If you know me at all, you should have seen this coming. Anime Central is known as the largest anime convention in the midwest with over 30,000 attendees registered in 2016. Personally, it was also my first convention, and I’ve gone yearly since 2011. How does it stack up compared to the past?
Navigating the con floor was a nightmare.
Anime Central would have been much stronger if I just knew where I was going half the time. On the convention floor itself I noticed very few signs showing where I was in the dealers’ hall and artist alley versus how to exit or find a restroom. There was a secret exit in the back of the artist alley near the restroom, but was otherwise a 20 minute trek trying to find the exit.
Anime Central needs a way to direct people back to the exit of the floor. The easiest way is to find Crunchyroll’s booth by the hanging banner and finding the exit from there.
Is this always an issue with large conventions? Sure. At one point, the rooms become so large that you cannot even see the exit sign. However, this is the point at which the convention itself needs to predict and respond to this issue.
Remember how Crunchyroll’s giant banner leads you to the entrance? This is such a missed opportunity for branding at conventions. Every anime fan knows Crunchyroll as a head streaming service for shows as soon as they air. They should have embraced their appearance in the vendor’s hall as a landmark or gathering place to bring more people into their booth and looking at their upcoming products.
Even better, Crunchyroll could certainly use its space as a gateway to the entrance. Have attendees walk through their space as an entryway to the vendor’s hall with a large ceiling banner. No one will be lost and the convention can get a little revenue from Crunchyroll’s product placement right up front. I’m sure attendees wouldn’t mind if it meant finding their way a little faster.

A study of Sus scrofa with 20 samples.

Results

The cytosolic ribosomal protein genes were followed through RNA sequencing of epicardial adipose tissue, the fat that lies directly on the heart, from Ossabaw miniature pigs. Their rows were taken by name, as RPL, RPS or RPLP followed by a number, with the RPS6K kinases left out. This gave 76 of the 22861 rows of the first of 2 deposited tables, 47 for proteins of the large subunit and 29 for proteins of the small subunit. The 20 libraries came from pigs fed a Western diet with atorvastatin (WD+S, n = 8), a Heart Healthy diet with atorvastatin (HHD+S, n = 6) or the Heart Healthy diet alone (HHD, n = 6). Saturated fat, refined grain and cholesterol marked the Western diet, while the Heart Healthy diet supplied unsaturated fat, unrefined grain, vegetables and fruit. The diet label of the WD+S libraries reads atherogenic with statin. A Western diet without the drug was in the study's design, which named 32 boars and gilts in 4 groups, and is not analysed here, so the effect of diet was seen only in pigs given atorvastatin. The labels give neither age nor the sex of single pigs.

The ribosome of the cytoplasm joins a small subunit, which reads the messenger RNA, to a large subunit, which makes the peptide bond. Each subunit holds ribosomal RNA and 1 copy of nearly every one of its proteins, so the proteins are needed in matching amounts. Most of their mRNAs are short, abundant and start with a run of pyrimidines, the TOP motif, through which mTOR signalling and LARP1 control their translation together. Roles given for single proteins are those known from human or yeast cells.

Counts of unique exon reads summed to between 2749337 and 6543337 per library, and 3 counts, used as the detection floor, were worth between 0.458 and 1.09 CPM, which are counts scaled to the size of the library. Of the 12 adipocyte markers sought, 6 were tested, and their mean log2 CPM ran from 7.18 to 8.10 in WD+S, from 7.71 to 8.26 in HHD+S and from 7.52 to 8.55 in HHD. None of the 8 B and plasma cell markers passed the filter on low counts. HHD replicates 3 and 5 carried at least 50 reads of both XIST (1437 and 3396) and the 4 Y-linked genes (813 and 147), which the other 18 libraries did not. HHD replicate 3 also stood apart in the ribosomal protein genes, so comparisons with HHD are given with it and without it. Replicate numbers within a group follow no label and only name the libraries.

We were starving the entire time.
Artist Eli Hoyt has been to conventions across the country – from Katsucon in Washington, D.C. to Anime Expo in Los Angeles. As a professional artist, he relies on anime conventions as his main source of income.
“It was like a food desert,” said Hoyt. “The closest restaurant was a Friday’s that was a ten minute drive away. If I didn’t have a friend driving, I would have been out of luck.”
Hoyt wasn’t alone in his concern for places to
eat, either. People claimed to wait in the line at Starbucks in the convention center was thirty minutes to an hour for one order. Additionally, the nearby cafe had only pizza or hot dogs for $8 each. There were food trucks outside, but the prices were similarly outrageous and the selection just as limited.
This is not the fault of the convention center or Anime Central. The baristas at Starbucks were likely completely overwhelmed. The cafe near the Hyatt added ramen to their menu to speed up lines and to appeal to the anime-loving audience. What’s the fix to the food desert?
It isn’t food trucks. The answer comes through as a complete rehaul of the convention.
Anime Central has outgrown the Donald E. Convention Center.
Otakon moved from Baltimore to Washington, D.C. for its 2017 convention. Although it saw a slight decrease in turnstiles, it was still a successful convention, even despite an accident in the artist’s alley.
Anime Central needs to follow suit. The Donald E. Convention Center works fine for a convention like Anime Midwest, which is much smaller and has ConSweet, a dedicated space for free food for attendees. When Anime Central is too large to provide snacks for all 30,000 in attendance, it becomes time to find a new center.
In my review of C2E2, I talked a little about the intimidation of McCormick Place. Still, C2E2 was very accessible for me as someone who lives in the Chicago area, where Donald E. Center is closer to the suburbs by the airport. Being downtown, McCormick Place would be a far better choice for Anime Central, which has now gotten to be the size of C2E2 and requires a downtown location like it.
Overall, while Anime Central holds a place dear to my heart, it’s time for a change in venue. This is the only way Anime Central can continue to grow.